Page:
AOL Time Warner CEO Sees AOL's Best Hopes Overseas

Photo: Jeff Topping
CEO Richard Parsons denied there were any immediate plans to drop "AOL" from the AOL Time Warner corporate name.
and less acquisitions-focused role for the few top executives, like himself, who oversee complex media conglomerates.

Making it work right
"The next decade," he said, will see he and his peers focusing "on making what has been built work right."

Mr. Parsons was responding to a question that recalled a speech given to the same annual conference by Thomas Middlehoff, the former head of Bertelsman, who stepped down earlier this year.

"I was told to refer to that," Mr. Parsons said, "but it didn't seem like a good omen."

Mr. Parsons' breezy remarks were salted with such wry references. He spoke of how music expressed deeply held emotions, upon which the new CEO segued into a familiar Beatles ballad: "Yesterday. All my troubles seemed so far away. Now it looks as though they're here to stay." He also carefully choreographed a "goof" in which he referred to his company as "Time Warner," before quickly and impishly correcting himself, to widespread laughter.

Name change?
But in a brief press scrum following his remarks, he hedged on


"I don't see merit or wisdom in [a name change] at this point in time. ... Why trash that powerful brand?" he said.

However, Mr. Parsons admitted that the "powerful brand" remained troubled. Although he spun the online giant's difficulties as "dealing with the problems of the past" -- a reference to ongoing federal investigations of misreported advertising revenue within AOL -- he said overcoming them was "not going to be quick or painless."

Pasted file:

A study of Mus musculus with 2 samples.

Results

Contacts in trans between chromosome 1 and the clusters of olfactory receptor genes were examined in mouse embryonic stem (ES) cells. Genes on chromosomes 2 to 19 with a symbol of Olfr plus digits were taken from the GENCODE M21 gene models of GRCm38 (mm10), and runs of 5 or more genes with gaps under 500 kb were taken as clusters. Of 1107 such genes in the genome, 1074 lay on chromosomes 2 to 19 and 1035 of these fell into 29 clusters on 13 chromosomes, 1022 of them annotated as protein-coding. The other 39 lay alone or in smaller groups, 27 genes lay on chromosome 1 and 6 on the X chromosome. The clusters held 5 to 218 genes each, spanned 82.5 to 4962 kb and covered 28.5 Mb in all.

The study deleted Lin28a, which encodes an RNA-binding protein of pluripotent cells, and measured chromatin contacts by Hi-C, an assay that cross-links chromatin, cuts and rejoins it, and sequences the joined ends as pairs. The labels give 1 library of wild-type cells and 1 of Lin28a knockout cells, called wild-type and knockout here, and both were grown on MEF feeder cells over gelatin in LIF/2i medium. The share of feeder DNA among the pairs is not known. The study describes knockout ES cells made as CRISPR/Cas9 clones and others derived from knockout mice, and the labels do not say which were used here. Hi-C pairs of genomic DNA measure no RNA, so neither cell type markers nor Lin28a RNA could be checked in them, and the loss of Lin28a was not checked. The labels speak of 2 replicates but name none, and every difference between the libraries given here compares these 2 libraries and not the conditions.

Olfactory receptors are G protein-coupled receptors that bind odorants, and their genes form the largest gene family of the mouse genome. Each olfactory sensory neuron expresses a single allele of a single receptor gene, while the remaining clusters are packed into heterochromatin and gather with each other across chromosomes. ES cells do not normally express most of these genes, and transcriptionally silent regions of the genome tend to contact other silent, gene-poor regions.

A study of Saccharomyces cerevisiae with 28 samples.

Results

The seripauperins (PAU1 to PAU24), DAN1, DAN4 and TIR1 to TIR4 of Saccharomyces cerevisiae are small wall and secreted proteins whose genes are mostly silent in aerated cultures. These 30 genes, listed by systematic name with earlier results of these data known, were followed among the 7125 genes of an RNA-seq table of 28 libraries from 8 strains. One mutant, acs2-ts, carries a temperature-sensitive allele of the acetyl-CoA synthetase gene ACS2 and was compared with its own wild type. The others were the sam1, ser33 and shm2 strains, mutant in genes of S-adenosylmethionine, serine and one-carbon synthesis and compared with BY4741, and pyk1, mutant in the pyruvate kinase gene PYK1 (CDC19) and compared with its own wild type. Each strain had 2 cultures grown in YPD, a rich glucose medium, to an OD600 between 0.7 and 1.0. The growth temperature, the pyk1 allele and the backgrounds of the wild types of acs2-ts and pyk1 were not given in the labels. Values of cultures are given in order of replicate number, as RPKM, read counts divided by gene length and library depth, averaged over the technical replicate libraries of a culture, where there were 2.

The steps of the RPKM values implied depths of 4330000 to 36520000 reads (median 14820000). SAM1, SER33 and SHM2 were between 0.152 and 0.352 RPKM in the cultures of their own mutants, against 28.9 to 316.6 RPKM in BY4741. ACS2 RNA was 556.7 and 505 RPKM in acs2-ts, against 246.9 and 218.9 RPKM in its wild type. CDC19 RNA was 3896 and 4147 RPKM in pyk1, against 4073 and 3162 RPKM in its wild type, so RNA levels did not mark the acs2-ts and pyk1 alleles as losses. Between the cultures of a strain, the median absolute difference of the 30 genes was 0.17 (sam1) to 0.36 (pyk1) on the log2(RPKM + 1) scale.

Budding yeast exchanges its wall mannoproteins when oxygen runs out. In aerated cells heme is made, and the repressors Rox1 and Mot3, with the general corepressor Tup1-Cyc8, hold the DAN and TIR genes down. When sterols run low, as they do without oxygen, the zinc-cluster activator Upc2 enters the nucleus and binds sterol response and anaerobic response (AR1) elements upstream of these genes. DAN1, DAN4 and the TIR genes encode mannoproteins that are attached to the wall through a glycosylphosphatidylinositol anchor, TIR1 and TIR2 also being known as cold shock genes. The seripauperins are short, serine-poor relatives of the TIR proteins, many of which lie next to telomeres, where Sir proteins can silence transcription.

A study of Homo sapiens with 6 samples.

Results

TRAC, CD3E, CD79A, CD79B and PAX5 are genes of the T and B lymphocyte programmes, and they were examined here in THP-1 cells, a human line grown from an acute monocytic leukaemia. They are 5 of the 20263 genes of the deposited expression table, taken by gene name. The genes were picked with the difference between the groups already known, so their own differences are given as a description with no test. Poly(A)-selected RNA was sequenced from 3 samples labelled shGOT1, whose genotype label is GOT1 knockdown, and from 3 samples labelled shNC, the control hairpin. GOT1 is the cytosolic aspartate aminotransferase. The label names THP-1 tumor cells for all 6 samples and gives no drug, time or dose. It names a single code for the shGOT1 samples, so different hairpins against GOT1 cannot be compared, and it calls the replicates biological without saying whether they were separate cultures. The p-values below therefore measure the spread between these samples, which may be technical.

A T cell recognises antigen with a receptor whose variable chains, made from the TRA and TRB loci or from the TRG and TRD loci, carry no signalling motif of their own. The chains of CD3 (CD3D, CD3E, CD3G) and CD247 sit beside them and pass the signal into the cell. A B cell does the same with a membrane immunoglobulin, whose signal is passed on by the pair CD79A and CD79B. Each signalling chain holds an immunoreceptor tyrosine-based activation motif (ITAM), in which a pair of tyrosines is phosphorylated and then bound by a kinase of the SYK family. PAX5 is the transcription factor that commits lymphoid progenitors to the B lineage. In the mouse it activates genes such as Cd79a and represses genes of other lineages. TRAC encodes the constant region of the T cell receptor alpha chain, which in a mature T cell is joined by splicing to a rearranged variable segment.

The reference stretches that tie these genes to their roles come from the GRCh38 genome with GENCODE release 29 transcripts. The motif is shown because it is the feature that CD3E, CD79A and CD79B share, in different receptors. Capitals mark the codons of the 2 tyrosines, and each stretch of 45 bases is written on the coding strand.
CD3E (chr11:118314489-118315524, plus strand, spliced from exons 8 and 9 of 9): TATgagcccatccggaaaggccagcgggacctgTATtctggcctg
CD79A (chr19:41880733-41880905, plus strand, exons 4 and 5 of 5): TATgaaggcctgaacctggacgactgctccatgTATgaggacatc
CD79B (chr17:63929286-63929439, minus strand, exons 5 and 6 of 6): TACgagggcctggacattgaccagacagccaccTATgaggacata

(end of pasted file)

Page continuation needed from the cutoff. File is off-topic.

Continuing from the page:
Best hopes overseas
"Half of their [old] advertisers don't exist," he said, which he added called into question AOL's ad model. He said the unit's best hopes for growth lay in overseas markets.

After the presentation Mr. Parsons fielded a few minutes worth of questions. He deflected comment on reports of a potential CNN and ABC News merger to executives overseeing CNN. Asked about ongoing investigations in AOL's ad deals, and the possibility of additional developments along these lines, he declined comment but implied this would be discussed in AOL Time Warner's quarterly earnings call today.

Mr. Parsons climbed into his car as a desert sunset bathed the scene in intense golden tones. Just before his departure, a number of Time Inc. executives and staffers gathered to shake their top boss' hand. The late afternoon light made the scene resemble the conclusion of a long-awaited pilgrimage.